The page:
5 Ways to Defend Against Lower Back Pain

Lower back pain has several causes that can be easily remedied. Follow these five steps to protect your back

Credit: iStockphoto

Lower-back pain is a common affliction that can be prevented

Eight out of 10 people suffer from lower-back pain at some point in their lifetimes.

Most experience their first episode when in their 30s or 40s, but it tends to become more common with age.

Regardless of when it happens, back pain can be a debilitating problem, which is why it’s so important to take steps to help defend against it.

Luckily, there are five simple things you can do to combat lower-back pain.

Credit: iStockphoto

Maintain Proper Posture

Keep an upright posture when seated at your computer. The monitor should be at eye level and at least 18 inches away. The keyboard and mouse should be approximately waist height and your chair should offer lower-back support.

Also, get up and stretch tense muscles frequently.

Credit: iStockphoto

Prop a Foot

If you must stand for long periods, prop one foot on a low stool. This allows the lower-back muscles to relax, which helps prevent painful muscle fatigue.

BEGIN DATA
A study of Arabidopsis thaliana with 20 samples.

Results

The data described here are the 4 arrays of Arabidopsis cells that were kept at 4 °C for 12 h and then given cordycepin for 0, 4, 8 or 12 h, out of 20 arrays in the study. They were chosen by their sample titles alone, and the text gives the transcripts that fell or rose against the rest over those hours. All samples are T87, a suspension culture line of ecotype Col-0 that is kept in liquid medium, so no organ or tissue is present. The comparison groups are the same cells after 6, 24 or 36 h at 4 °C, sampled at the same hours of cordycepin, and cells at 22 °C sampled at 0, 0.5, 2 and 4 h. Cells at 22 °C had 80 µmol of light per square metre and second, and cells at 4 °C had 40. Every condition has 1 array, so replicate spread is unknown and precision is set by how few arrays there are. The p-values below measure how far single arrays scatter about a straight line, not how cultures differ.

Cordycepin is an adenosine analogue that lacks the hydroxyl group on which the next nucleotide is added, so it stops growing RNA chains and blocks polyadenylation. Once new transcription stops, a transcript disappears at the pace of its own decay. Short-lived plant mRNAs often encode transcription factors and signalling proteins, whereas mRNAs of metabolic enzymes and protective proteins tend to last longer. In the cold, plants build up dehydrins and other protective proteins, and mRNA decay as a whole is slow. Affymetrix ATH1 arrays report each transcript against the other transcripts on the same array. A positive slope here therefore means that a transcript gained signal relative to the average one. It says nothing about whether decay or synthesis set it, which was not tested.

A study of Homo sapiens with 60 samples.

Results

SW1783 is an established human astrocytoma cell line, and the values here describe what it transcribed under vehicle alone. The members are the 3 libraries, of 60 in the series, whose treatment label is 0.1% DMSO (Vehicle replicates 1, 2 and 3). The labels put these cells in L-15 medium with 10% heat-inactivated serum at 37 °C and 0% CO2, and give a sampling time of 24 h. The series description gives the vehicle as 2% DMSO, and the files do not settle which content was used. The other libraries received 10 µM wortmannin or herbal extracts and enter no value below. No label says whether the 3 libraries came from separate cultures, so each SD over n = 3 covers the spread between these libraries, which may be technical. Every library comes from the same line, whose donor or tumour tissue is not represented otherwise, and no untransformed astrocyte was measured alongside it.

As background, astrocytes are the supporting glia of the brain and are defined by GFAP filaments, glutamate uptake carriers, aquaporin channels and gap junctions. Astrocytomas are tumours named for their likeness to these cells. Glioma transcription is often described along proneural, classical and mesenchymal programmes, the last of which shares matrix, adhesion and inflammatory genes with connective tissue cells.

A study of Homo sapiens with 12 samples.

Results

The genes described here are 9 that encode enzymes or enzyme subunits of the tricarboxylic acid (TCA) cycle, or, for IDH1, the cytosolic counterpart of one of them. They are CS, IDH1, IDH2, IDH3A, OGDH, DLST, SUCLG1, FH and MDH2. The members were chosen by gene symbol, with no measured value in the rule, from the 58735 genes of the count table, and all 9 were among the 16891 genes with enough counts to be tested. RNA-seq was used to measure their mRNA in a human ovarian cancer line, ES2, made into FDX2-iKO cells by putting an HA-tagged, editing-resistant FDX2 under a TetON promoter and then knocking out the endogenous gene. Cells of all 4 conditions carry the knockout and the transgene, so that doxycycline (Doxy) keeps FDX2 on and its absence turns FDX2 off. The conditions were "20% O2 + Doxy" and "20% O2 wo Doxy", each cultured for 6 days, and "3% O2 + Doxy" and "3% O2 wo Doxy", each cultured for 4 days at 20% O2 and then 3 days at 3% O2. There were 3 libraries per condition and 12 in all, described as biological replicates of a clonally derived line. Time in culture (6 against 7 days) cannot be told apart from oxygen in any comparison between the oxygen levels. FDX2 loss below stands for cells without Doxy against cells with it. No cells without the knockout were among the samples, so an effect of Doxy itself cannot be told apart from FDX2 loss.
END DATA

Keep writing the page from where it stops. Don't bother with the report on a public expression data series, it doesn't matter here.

Also, if you stand on hard surfaces like concrete, install a cushioned rubber mat.

Credit: iStockphoto

Use Proper Lifting Technique

Bend your knees and lift using your leg muscles, not your back.

Also, avoid sudden movements, like lifting and twisting at the same time.

Credit: iStockphoto

Maintain a Healthy Weight

Excess weight, especially around the belly, puts extra stress on the muscles of the lower back. It’s just one more reason to work on achieving a healthy weight.

Strengthen Back and Abdominal Muscles

One of the most important ways to protect your back is to exercise your back and abdominal muscles to ensure they provide optimal support for the spine.

Note: Many common exercises stress the lower back if improperly done.

When doing abdominal exercises keep one or both legs bent at the knee. This prevents your lower back from arching past its natural “S” curve. When you overarch your back, the stress falls off the abdominal muscles and onto your back.

If you haven’t exercised in a long time, see your doctor or a qualified physiotherapist before embarking on a fitness program.

Originally published in Wellness Matters, Canada Wide Media’s quarterly newsletter on health and wellness.